Aquaponics, currently receiving funding on Kickstarter, looks to combine a fish tank and a sustainable garden all-in-one.
Nikhil Arora and Alejandro Velez left their jobs in favor of starting a project to help people grow their own food. After successfully launching their mushroom kit for a scant $5,000, Arora and Velez hope to continue to get more people to grow their own herbs and spices—this time with a fully sustainable fish tank. Arora and Velez posted their project on Kickstarter with the goal to raise $100,000 to fund manufacturing.
Five "net pods" float above the tank in a small pool of water. Fish create waste that the tank then siphons up into the planters to provide fertilizer. A classic form of "upcycling," this means you don't have to clean the fish tank.
Aside from being a great example of recycling materials, the design of the Aquaponics kit is remarkable. If funded, the plan is to make the final product out of a combination of plastic, acrylic, and glass. Arora and Velez worked with a designer to come up with the form, function, and shape of the tank, ultimately finishing with a compact design.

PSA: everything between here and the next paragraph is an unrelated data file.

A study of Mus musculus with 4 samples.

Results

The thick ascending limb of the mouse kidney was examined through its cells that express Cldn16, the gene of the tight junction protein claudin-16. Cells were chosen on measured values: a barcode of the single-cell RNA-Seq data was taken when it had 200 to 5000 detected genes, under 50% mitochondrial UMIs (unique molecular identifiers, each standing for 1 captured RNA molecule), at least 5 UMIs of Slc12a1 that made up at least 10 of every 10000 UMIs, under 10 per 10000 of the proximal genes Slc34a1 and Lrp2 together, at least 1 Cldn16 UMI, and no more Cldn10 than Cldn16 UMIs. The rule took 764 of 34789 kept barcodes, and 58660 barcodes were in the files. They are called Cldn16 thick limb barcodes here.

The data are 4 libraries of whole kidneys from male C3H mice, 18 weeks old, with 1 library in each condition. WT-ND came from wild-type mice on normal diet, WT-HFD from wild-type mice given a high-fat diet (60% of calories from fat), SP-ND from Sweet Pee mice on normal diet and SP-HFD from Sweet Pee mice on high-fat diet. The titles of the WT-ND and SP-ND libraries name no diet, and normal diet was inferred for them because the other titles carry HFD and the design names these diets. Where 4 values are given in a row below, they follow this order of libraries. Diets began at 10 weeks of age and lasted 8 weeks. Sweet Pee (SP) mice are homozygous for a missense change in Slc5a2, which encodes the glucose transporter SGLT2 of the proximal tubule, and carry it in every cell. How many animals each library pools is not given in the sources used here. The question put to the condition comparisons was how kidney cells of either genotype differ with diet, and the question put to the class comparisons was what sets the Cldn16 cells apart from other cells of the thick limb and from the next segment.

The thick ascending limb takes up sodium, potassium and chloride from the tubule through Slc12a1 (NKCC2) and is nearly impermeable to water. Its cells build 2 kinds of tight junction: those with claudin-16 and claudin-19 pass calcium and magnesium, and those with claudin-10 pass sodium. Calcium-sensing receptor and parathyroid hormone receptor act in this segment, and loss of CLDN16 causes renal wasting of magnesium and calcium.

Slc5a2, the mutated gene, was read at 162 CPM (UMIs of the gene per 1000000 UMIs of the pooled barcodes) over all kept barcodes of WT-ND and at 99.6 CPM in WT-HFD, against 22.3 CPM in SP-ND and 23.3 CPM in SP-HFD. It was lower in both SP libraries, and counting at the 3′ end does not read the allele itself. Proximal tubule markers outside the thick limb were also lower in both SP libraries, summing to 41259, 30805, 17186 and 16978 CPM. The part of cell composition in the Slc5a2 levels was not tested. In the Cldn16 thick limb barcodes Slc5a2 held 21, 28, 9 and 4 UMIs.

"We went into this with no preconceptions of shape, size, or materials," Nikhil says. "We had just fallen in love with this concept of aquaponics at the largest scale—visiting big commercial farms—and had this passion for making that amazing technology and science accessible to more people."
The final product is small enough to sit on a kitchen counter without being an obstacle. At three gallons, the tank is ideal for one three-inch-long fish or a few smaller one-inch fish. The founders recommend goldfish, betas, and other easy to care for species.
Ease of use is a driving force behind the design: not only do you not have to clean the tank, the only needed fertilizer comes directly from the fish's waste and the only water is pumped from the tank—everything about it is self-regulated. The tank comes in at roughly 10" wide, by 11" high, by 6" deep—smaller than your average toaster oven.
Designing the tank brought about a few extra challenges, Arora says. "We explored various shapes—eventually landing on a pot shape icon to represent the innovation here. The geometry is more cubic than cylindrical, the most efficient use of space." The net pods on top can handle just about any small, leafy herb or spice—even flowers. Placed near a window with direct sunlight year-round, the plants can take care of themselves without the tank becoming too hot since the pods on top shelter it.
Another perk is the connection it can have with children. It can teach them the importance of fresh food as well as taking care of the fish—feeding the fish is just about the only real responsibility here. "Our goal was to center around the idea of beauty through simplicity and ease of use. To make a system so intuitive even kids could understand it right away," Arora says.
Aquaponics is up for funding on Kickstarter until December 15. If successfully funded, the tanks will reach consumers in February 2013. If you'd like to donate and be one of the first people to receive a tank, click here.